Building precious ice: Mountain Recreation brings outdoor ice to Edwards for third straight year
This year, there will be two sheets of ice set up and maintained by the community
For the third consecutive year, Mountain Recreation is bringing outdoor ice to Edwards. But this year, with new investments — both in infrastructure and in financial contributions — the recreation district is bringing two rinks to Freedom Park in December.
The project has been driven, maintained and utilized by the community since its inception, starting with a group of dads in Singletree who wanted to build an outdoor rink, according to Tom Boyd, a local hockey dad who works for the Vail Valley Foundation.
“When I was growing up in Vail in the ’80s, there were ponds everywhere so you’d skate on the ponds. We’ve always been a ski town but we’ve also always been a hockey town,” Boyd said. “And all of my best memories of being a kid — I liked skiing but I really loved hockey — were of just skating and playing (hockey); there was never a shortage of ice.”
Boyd said the grassroots effort started with dads who wanted to give their kids the same memories.
“Now, if you don’t go out there and build those rinks, then my kids won’t have that same opportunity I did; we want to keep that hockey heritage going,” Boyd said. “Each generation has a responsibility of doing that, and it’s my turn to help lead a bunch of other guys and gals, moms and dads, who want their kids to be able to go out and skate.”
However, according to Brad Johnson, the Edwards facility supervisor for Mountain Rec, the community has really outgrown this single rink.
“At the end of each of our ice rinks seasons, we meet with our volunteers and staff that maintain the rink,” Johnson said. “They really communicated that a second sheet of ice was really needed for the community, for both just regular public skating and also for the people that play hockey.”
To accommodate the space required for two rinks, this year, they will be located just east of the Freedom Park playground near the baseball fields.
In addition to the investments made to bring the second sheet of ice, several infrastructure investments were made to improve the overall experience for constructing and maintaining the rinks. This includes a new water line to service the rinks, a new E-Z Ice system and structure, a hot water machine to resurface the ice as well as hockey nets.
On Sunday, Dec. 11, at 2 p.m., the recreation district is hosting its annual build day, inviting community members to help construct the ice rinks and start layering the ice. And, with the new E-Z Ice system, the build day should be easier than ever.
“It’s like putting together Legos now, it’s so much easier,” Boyd said, adding that with the new system, the construction will include clicking together the boards, laying the liner and pouring the first layer of water.
“(Volunteers) can expect a lot of camaraderie, seeing their neighbors, having some fun. It should be light work, there’s not a ton of heavy lifting, there’s not a ton of difficult tool stuff,” he added. “A lot of it is just getting to know each other and getting signed up for when can you help maintain ice for the rest of the year.”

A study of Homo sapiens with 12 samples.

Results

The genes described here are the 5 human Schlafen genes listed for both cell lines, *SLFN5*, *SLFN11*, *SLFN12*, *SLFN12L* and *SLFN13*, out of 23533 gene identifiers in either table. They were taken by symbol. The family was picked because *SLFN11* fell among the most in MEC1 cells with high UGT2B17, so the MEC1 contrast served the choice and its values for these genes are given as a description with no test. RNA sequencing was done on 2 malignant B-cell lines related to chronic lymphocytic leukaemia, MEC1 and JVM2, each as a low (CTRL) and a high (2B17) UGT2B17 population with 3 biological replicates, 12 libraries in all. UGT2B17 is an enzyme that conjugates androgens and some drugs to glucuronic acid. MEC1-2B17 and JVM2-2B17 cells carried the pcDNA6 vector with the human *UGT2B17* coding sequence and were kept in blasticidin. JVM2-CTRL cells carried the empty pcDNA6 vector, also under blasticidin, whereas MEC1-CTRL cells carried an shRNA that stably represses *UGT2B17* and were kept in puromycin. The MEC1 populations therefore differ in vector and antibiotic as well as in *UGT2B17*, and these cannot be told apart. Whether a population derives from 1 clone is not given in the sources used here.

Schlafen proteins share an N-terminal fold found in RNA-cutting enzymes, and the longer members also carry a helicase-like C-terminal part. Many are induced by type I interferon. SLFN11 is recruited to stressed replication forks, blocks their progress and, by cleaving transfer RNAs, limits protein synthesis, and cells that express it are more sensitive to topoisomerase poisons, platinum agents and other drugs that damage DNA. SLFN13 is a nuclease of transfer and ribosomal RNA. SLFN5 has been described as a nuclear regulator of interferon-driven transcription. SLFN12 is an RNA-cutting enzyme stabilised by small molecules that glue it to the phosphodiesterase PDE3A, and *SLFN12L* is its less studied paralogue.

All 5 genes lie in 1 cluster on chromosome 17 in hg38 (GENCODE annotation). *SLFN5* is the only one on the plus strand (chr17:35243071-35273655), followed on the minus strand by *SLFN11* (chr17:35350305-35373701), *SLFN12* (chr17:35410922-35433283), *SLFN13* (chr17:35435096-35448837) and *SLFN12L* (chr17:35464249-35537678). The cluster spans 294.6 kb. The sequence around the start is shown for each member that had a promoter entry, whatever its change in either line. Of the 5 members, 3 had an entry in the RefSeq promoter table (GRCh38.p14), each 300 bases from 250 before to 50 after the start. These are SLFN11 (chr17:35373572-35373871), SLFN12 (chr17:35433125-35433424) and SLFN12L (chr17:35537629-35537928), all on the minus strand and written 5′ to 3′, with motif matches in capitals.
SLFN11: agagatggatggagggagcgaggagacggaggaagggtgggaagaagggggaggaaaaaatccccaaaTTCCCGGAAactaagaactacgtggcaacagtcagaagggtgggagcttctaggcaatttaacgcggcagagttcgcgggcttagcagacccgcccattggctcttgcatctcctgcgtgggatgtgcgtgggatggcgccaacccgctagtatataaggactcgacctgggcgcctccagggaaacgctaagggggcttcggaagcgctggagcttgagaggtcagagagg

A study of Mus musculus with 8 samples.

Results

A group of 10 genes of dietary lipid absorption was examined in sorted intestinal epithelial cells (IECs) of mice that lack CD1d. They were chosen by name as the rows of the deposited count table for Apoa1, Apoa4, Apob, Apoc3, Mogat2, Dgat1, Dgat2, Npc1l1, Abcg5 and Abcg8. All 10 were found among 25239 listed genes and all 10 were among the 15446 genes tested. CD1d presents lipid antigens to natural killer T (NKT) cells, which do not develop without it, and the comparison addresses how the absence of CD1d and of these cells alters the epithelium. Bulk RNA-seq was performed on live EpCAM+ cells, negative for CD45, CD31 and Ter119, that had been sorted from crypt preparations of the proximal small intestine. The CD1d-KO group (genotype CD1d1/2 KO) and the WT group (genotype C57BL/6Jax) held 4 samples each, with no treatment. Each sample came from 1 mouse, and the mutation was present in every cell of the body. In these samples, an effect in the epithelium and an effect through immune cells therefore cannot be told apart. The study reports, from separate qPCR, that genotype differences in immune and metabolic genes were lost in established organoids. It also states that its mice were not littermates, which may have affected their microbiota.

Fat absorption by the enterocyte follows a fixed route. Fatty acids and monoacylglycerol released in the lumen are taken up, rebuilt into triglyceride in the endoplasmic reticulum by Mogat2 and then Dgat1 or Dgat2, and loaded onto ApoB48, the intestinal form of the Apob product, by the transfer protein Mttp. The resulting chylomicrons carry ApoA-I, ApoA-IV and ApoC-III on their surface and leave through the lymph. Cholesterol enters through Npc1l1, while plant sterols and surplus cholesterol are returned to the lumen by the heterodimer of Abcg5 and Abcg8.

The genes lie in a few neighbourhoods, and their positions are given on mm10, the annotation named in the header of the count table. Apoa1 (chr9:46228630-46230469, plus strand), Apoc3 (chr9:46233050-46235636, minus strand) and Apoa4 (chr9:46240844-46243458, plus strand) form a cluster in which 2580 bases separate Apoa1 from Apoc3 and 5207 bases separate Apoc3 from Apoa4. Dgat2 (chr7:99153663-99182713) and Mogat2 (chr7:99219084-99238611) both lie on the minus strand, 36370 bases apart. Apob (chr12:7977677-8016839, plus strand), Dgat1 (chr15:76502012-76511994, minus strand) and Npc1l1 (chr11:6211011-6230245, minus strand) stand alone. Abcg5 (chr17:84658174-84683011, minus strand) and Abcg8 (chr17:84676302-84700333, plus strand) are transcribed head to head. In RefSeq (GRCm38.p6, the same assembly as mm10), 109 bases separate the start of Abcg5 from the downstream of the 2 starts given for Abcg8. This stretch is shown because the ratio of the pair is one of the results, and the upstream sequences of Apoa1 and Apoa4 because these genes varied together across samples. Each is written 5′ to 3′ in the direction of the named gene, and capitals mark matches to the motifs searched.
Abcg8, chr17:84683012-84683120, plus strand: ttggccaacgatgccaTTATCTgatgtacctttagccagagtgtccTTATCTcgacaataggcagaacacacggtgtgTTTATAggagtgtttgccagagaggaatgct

As Boyd mentioned, the ice is maintained throughout the season — which is expected to kick off around Christmas and go through the end of February, weather dependent, according to Johnson — by community volunteers. This includes daily tasks such as shoveling, brushing off the ice and resurfacing it.
“There’s nothing more satisfying than making your community enjoyable to be in and in this town, we just have an incredible volunteer spirit,” Boyd said. “As soon as we put the word out, everyone does what they can and helps out and helps us not only make the ice but maintain it till about February, depending on the weather.”
In its third year, the community spirit around the outdoor rinks speaks to the need for not only ice, but a hub for gathering and recreating in the winter.
“Ice is precious,” Boyd said. “There’s just such a high demand for it, everybody wants to come out. They want to teach their kid to skate, they can go on a romantic date, skate around outside, they can go out and play hockey, they can learn to skate, and they can do it all in the neighborhood in that outdoor setting.”
For Mountain Recreation, the outdoor rinks epitomize what it’s trying to accomplish in the communities it serves.
“In 2020, the Edwards community approached Mountain Recreation about building an outdoor rink, obviously right in the heart of COVID, the community members were looking at ways to safely recreate, and a community ice rink was a great way to do that,” Johnson said. ”Mountain Recreation sees the benefits in the mental, physical and social-emotional health of our residents, and this is improved by creating and activating spaces that strengthen bonding and connectedness to others in our community.”
In addition to financial contributions from Mountain Rec, Johnson said that investments from the Edwards Metro District, Vail Mountaineer Hockey Club, Mountain Recreation Foundation, Singletree and Vail Honeywagon made the expansion and improvements possible.
Once the crews are able to build up enough ice, the rinks are expected to open around Christmas. After opening, the two new ice rinks will be open to the public starting at 7 a.m. While there will be lights on at night, they will be turned off when the rinks close each evening at 9 p.m. It is expected that one rink will be used for more traditional open skating while the other will be used for drop-in hockey use.
The rink, skates and full sets of hockey gear will be available for free.